Robots and grazing are successfully working in combination to maximise milk from forage and advance the Baird family’s succession plans in Lanark, Scotland.
Andrew and Marisa Baird and their daughter Kirstie Baird work in partnership to run the 205ac (83ha) Auchnotroch Farm that is home to their 200 cross-bred cows.
Producing on average 34 litres per day, each lactation averages 8,000 litres, with 4,500 litres produced from forage. Milk constituents are consistent at 3.38% protein and 4.3% butterfat.
“We had four Fullwood Merlin robots installed in September 2019 – the first cow being milked on the 28 January 2020,” says Kirstie. “Twenty years of milking has taken a toll on dad’s knees – and there have also been other changes that got us thinking about the possible time and labour challenges ahead.
“I’d like to have a family in the future and with a conventional parlour would mean hiring more staff and relying on people, something we’d like to avoid; robots take away much of that stress and expense.”
With 110ac of grazing, Auchnotroch Farm differs from many other robotic installations as the Merlin robots are used in conjunction with an automated 21-day grazing rotation. “The grazing platform is split into 20 paddocks which are then split between morning and evening grazing with cows directed by an automated shedding gate – it works well in encouraging the cows up and through the robots,” explains Kirstie.
“The robots are really quiet and the cows are comfortable going through the system – they’re relaxed but still nosey and they bring themselves up – we’re not having to fetch many cows, if any at all.”
The Baird’s robotic set-up is proof that robots have a productive place in managed grazing systems – even in the shorter summers of Scotland. “The cows are all happy and fit – we’re not pushing them at this time of year (June) and they’re still 300 litres a day in total above last year, with mastitis levels kept below 5%,” she says.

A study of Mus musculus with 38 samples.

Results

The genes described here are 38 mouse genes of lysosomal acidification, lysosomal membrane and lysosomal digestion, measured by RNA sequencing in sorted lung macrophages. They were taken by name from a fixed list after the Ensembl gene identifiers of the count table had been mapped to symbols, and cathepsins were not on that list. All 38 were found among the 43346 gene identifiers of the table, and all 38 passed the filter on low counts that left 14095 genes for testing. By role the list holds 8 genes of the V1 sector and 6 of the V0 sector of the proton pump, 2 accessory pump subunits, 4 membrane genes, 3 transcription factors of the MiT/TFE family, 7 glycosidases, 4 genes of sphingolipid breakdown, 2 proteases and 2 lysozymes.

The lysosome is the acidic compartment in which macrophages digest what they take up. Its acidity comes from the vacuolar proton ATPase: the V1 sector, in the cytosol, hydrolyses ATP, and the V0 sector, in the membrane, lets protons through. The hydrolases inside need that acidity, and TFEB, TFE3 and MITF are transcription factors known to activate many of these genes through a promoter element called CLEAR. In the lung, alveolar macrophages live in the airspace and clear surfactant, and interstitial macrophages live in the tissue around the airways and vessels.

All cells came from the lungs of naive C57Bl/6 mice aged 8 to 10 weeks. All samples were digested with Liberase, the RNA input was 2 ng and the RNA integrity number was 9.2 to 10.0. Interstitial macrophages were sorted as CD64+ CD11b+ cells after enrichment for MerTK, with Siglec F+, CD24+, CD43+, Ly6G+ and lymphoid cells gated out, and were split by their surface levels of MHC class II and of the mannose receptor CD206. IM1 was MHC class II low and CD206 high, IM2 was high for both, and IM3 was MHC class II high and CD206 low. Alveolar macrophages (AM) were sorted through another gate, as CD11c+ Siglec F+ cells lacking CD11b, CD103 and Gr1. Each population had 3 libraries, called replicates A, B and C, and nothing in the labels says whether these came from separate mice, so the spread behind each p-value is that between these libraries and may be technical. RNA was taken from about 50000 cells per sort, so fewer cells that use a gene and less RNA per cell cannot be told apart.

All concentrate is fed through the robots and has only increased by 200kg per cow per year compared to the conventional system – but the switch to robots has boosted yields by four litres per cow per day with an extra 500 litres per lactation from forage.
“Now we’ve got a milking and grazing system we’re happy with, the aim is to average 10,000 litre cow producing 5,500 litres from forage with concentrate use at 2t per cow – people will say it’s unrealistic but we’ve got usable data and some of our cows are already producing 12,000 litres with 8,000 litres coming from forage,” Kirstie says.
The robots are a vital component in the farm’s short and long-term ambitions; from cow performance and health to business and operational efficiencies. “We purchased the robots and infrastructure from McCaskie – they have been phenomenal and we’re really pleased with the quality of the Fullwood robotic system,” she says.
“We’ve had a couple of problems, but there has never been a time when something’s gone wrong and no one has come out or got in touch. Most of it is learning how the robots work and how each cow adapts.
“We’ve never looked back since having the robots installed.”